A state House oversight panel is gearing up to question the state’s unemployment system chief Thursday over the state’s bungling of extending benefits to hundreds of thousands of freelance- and independent contractors who lost work during the pandemic and were newly eligible for expanded federal unemployment aid.
House Oversight Committee Chairman Steve Johnson, R-Wayland, said in an interview with Corp! Magazine last week he intends to ask Liza Estlund Olson, acting director of the Unemployment Insurance Agency, why the agency took so long to resolve the problem, whether there will be or were personnel changes and what other ways state officials intend to ensure problems don’t recur.
The UIA came under scrutiny after a mismatch in eligibility requirements for benefits between the state and federal government spurred Michigan administrators to take the unusual step of asking roughly 600,000 independent contractors or gig workers to retroactively reapply for unemployment benefits they’d already received.
Many were informed they would have to repay thousands of dollars, according to an August letter Lisa Ruby, staff attorney for the Michigan Poverty Law Program, submitted to the House Oversight Committee.
“This is a major area of concern for a number of our constituents,” House Oversight Committee chairman Johnson said. “They didn’t do anything wrong. And now they’re getting letters saying tens of thousands of dollars that they were paid, now the state wants back … they don’t have that money laying around.”
According to a Feb. 10 letter from the U.S. Department of Labor to Estlund Olson obtained by Corp! Magazine, UIA administrators were informed Jan. 6 that the federal government didn’t accept several eligibility questions for giving out expanded federal unemployment aid, called Pandemic Unemployment Assistance, to freelance workers.
But the state paid the money anyway. Officials didn’t notify people of the mishap until June, nearly six months later.
The mistake caused panic and confusion, as many were asked to repay in some cases tens of thousands of dollars according to Ruby and other attorneys who submitted testimony to the House Oversight Committee in August.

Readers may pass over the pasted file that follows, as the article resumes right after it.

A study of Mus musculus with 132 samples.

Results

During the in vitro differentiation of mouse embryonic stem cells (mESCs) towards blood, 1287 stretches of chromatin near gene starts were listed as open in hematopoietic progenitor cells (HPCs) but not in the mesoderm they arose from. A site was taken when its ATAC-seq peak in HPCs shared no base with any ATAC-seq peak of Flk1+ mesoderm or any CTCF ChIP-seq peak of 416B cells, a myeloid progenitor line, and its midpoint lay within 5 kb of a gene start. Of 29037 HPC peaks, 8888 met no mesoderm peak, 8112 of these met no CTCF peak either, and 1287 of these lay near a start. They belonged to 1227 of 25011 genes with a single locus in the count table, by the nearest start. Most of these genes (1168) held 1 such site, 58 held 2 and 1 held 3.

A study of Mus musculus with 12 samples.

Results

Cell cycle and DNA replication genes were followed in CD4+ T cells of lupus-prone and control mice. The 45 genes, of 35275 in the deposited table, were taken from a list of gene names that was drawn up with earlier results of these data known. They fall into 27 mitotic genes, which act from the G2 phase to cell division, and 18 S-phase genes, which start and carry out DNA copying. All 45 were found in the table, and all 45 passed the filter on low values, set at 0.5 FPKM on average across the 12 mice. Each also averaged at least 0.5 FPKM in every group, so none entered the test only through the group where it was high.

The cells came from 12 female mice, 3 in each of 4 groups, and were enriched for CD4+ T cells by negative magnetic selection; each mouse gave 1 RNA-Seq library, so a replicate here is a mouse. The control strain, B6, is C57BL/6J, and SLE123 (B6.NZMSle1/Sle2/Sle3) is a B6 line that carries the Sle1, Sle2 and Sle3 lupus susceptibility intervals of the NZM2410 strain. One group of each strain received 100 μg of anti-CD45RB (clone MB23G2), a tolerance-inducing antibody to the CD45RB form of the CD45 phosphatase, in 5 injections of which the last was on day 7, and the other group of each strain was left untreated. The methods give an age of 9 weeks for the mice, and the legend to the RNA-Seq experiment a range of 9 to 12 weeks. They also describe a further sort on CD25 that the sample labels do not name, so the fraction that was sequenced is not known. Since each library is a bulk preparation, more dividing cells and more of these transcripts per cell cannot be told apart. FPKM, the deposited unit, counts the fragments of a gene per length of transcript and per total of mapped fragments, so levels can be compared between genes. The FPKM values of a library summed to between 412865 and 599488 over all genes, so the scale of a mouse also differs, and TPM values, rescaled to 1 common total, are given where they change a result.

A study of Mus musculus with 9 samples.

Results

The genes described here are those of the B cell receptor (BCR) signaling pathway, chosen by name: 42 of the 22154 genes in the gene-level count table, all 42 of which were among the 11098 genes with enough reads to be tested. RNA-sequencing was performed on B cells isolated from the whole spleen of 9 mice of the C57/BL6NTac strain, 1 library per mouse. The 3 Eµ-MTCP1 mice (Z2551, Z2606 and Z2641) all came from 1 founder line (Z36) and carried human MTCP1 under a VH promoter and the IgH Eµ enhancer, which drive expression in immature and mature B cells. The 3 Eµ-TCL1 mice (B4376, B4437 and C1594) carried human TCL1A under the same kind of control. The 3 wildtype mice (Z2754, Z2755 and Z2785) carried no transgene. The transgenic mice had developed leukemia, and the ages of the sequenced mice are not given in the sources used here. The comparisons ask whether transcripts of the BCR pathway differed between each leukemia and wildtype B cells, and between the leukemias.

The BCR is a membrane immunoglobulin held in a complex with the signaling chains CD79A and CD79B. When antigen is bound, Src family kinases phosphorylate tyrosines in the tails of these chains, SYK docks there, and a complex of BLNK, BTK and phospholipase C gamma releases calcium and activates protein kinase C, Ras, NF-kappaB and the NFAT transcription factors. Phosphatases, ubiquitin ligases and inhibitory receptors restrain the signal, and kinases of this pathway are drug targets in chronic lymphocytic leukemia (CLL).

The snafu spurred Gov. Gretchen Whitmer to announce in late July that her administration would issue waivers to people who filed for unemployment in good faith but were later asked to recertify or repay money.
“No one who followed the rules and received benefits through no fault of their own should have to pay back money to the federal government,” Whitmer said in a July 30 statement.
When asked about how the issue happened and what changes the agency is making, UIA spokesman Nick Assendelft sent along previous July news releases.
“We’re doing everything we can to help working families navigate this issue,” acting director Estlund Olson said in a July statement. “Claimants who were notified that they must requalify for PUA should quickly submit their updated information so that we can redetermine their eligibility and continue to provide benefits to workers whose jobs were affected by COVID-19.”
Johnson said he’s still looking for answers about how the mistake was made and why it took so long to rectify, however.
“It was kind of kept behind closed doors,” Johnson said. “Then this letter goes out to 700,000 Michiganders … that was brought to our attention by a third-party individual who gave us a copy of that. Otherwise we would have never known.”
Johnson said apart from questioning the state unemployment system’s acting director, he also intends to take a look at House Bill 5265, sponsored by Rep. John Damoose, R-Harbor Springs, which would prohibit the UIA from seeking restitution for money the state paid by mistake.
Damoose didn’t return a call from Corp! Magazine.
Rep. Mary Cavanagh, D-Redford, one of two Democrats among 13 cosponsors on the bill, said during a telephone interview that she thinks the legislation is “the best approach as far as backing up the governor’s assurance” that people caught up in the error wouldn’t have to repay money to the state.
“These people didn’t deserve to have to repay anything that they in good faith applied to,” Cavanagh said.
The freshman Democratic lawmaker said she spoke with an 18-year-old constituent who was asked to repay $15,000 she received through Pandemic Unemployment Assistance.
Stories like that abound.
Jennifer Charnizon, an attorney with Legal Services of South Central Michigan, in another August letter to the Oversight Committee wrote that a single mother with a small business lost all of her clients when the coronavirus took hold. The individual sought help from Charnizon.
The woman’s claim for benefits under newly expanded federal aid was delayed months for unknown reasons, and then she was finally paid before the benefits halted for several months and then were reinstated. Then the agency sent her a letter stating she owed $27,000 to the state based on “new or additional information,” the letter said.
“Shamefully, this is not uncommon,” Charnizon wrote.
The attorney added that “contradictory and confusing correspondence is the norm,” as well as “irrelevant and misleading information” from the agency to unemployment assistance applicants.
The agency has lad longstanding problems across administrations. Previously, under GOP former Gov. Rick Snyder, the UIA made more than 20,000 false fraud determinations between October 2013 and August 2015 because of a faulty computer program, the Detroit News reported. The state recently renewed a contract with the same company, Fast Enterprises, that created that software.